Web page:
At tourism investment conference in Puerto Rico: Forestay urges Caribbean to rethink tax policiesPOSTED: 04/26/12 12:55 PM
SAN JUAN – Caribbean Hotel & Tourism Association President (CHTA) Josef Forstmayr opened the 16th Annual Caribbean Hotel & Tourism Investment Conference (CHTIC) in Puerto Rico with a call for Caribbean governments to rethink tax policies with an aim to remove or reduce consumption taxes on hotels and tourists. He also called for tax incentives to attract more investment and for effective public/private sector partnerships to stimulate investment and product development.
Fortsmayr said that he is “extremely concerned about governments’ appetite for taxation of the tourism industry. This continues to increase unabated.”
He described tourism as an export industry, adding that many Caribbean countries do not treat it as such. “We hear of new policies that tax not only the private sector, but also our visitors directly. These masquerade under such names as airport improvement taxes, tourism enhancement fees and by far the worst of all, the UK’s airline passenger duty. Increased taxation is regressive. It will result in less revenue for the hotel and attraction sector. It will also negatively affect our countries’ wider economies due to the significant domestic agricultural and manufacturing linkages that tourism provides.”
Fortsmayr said that Caribbean governments must make a serious effort to review their taxation policies on the tourism industry. “It is time now to remove or reduce all excessive consumption taxes on our visitors. It is also time to re-think all policies which call for an increase of these consumption taxes. Our industry is based on competitive pricing. Our visitors will simply choose other destinations that provide better value.”
There is also a need for tax incentives to attract the investment the Caribbean needs to maintain its appeal and competitiveness as a world-class tourist region, the CHTA-president said. “We need effective public/private sector partnerships that will stimulate the investment and product development which are critical to the growth of tourism. The Caribbean tourism industry needs strong advocacy, and I am pleased to say that CHTA’s Tourism is Key advocacy campaign, launched two years ago continues its momentum. It is one of the most important initiatives that we have undertaken in our 50-year history. The program has now been launched in 11 Caribbean countries, with more planned for this year.”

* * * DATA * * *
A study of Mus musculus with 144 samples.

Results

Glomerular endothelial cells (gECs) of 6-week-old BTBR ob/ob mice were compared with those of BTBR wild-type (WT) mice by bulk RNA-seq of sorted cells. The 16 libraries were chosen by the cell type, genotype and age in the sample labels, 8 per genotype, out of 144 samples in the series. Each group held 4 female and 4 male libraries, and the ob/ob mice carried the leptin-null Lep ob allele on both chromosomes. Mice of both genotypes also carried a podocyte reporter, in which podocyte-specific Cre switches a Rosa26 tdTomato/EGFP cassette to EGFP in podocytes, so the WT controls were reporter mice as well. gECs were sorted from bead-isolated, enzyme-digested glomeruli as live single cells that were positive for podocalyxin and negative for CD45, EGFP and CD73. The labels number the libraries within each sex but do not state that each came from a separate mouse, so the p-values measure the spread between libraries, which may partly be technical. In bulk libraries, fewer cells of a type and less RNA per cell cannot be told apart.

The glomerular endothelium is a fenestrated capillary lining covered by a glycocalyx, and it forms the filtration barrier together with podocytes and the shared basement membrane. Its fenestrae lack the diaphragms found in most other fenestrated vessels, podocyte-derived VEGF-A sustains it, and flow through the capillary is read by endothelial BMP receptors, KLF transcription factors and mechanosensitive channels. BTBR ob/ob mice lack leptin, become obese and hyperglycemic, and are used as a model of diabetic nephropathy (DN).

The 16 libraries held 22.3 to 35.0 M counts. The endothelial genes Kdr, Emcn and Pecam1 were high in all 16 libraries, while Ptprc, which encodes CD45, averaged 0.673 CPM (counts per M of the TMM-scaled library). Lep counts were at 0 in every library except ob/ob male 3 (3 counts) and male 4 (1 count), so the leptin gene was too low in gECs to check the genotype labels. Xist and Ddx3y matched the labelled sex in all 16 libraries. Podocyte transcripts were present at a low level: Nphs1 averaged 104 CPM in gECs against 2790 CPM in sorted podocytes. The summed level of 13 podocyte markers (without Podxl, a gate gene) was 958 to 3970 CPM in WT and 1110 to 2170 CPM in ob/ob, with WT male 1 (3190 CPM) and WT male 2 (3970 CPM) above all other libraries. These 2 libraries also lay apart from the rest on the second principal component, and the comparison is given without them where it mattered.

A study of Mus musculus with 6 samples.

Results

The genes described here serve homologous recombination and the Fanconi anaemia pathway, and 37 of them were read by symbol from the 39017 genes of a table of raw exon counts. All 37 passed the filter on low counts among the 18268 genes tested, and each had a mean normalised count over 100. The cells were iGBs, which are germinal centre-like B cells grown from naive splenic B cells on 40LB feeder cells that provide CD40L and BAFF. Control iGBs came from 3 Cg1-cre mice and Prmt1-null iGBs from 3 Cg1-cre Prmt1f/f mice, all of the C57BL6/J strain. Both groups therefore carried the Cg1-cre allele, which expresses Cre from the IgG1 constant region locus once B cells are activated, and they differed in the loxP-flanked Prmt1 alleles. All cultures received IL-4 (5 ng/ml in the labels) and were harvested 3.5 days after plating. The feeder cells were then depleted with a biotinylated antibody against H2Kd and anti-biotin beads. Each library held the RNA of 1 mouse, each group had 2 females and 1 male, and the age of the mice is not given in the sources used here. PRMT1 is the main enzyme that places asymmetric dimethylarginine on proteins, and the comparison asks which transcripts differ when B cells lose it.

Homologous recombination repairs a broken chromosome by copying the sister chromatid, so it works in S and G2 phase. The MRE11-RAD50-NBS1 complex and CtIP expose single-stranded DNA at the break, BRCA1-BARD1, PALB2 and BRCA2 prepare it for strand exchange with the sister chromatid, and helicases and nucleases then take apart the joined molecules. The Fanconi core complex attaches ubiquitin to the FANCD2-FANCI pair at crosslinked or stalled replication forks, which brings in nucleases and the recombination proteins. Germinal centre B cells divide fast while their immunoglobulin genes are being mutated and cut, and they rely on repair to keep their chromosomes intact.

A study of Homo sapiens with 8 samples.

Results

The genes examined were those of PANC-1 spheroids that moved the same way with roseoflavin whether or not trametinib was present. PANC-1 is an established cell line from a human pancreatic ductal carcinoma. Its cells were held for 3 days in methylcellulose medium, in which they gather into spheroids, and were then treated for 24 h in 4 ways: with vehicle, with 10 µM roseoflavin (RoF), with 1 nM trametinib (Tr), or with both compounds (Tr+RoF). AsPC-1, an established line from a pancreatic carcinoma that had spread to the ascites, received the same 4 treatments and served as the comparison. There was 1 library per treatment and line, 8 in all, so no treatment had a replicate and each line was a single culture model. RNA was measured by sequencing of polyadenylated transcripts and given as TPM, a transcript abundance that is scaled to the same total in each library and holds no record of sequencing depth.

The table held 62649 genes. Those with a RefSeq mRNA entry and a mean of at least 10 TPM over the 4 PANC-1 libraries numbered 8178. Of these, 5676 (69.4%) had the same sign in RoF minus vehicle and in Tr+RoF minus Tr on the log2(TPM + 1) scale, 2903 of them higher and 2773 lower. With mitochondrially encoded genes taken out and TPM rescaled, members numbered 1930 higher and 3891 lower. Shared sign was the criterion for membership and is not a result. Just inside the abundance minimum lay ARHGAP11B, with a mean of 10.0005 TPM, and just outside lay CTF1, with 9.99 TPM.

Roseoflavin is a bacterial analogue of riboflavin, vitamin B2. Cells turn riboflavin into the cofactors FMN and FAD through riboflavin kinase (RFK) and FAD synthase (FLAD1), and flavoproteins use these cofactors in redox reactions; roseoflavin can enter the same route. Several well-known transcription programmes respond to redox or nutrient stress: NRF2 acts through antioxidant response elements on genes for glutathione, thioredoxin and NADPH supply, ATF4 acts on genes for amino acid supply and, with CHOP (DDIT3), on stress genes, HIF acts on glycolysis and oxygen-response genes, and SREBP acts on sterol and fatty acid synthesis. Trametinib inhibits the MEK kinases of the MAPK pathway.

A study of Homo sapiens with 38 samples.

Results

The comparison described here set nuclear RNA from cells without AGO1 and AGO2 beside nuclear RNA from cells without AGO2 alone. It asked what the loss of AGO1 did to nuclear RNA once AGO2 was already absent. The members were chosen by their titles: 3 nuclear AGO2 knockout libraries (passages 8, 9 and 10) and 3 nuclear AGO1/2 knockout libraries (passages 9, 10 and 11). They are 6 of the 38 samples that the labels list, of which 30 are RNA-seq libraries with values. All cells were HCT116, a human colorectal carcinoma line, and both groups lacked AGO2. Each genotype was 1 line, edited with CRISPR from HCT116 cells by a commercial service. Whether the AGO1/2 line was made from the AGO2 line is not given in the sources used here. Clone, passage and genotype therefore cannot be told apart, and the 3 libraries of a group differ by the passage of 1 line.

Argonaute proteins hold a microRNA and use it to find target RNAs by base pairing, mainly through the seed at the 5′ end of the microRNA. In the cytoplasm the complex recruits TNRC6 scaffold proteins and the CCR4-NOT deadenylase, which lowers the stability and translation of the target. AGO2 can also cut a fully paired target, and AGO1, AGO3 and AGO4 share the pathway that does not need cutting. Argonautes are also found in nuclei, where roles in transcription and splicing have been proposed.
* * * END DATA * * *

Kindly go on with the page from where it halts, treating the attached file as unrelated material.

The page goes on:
The four pillars of the Tourism is Key campaign are advocacy with governments and citizens, linkages of tourism into local industry, agriculture and services, regional integration (improved airlift, less bureaucracy for regional travel) and regional marketing
“We must create a strong consensus with both our leaders and the public so that travel and tourism receives the full support it needs as the Caribbean’s most vital export. It is the fastest way to create jobs, grow the economy and generate income for all,” Forestay said.
He referred to a recent study published by the Jamaica Hotel and Tourist Association that shows that the Jamaican economy enjoys strong linkages with tourism, driving 15% of all construction, 20% of all manufacturing and 21% of all agriculture/fishing. The study also showed that 71% of hotel and restaurant revenue remained on-island that the tourism industry contributed 20.4 percent of the total government revenue, and that tourism represents 50% of Jamaican exports.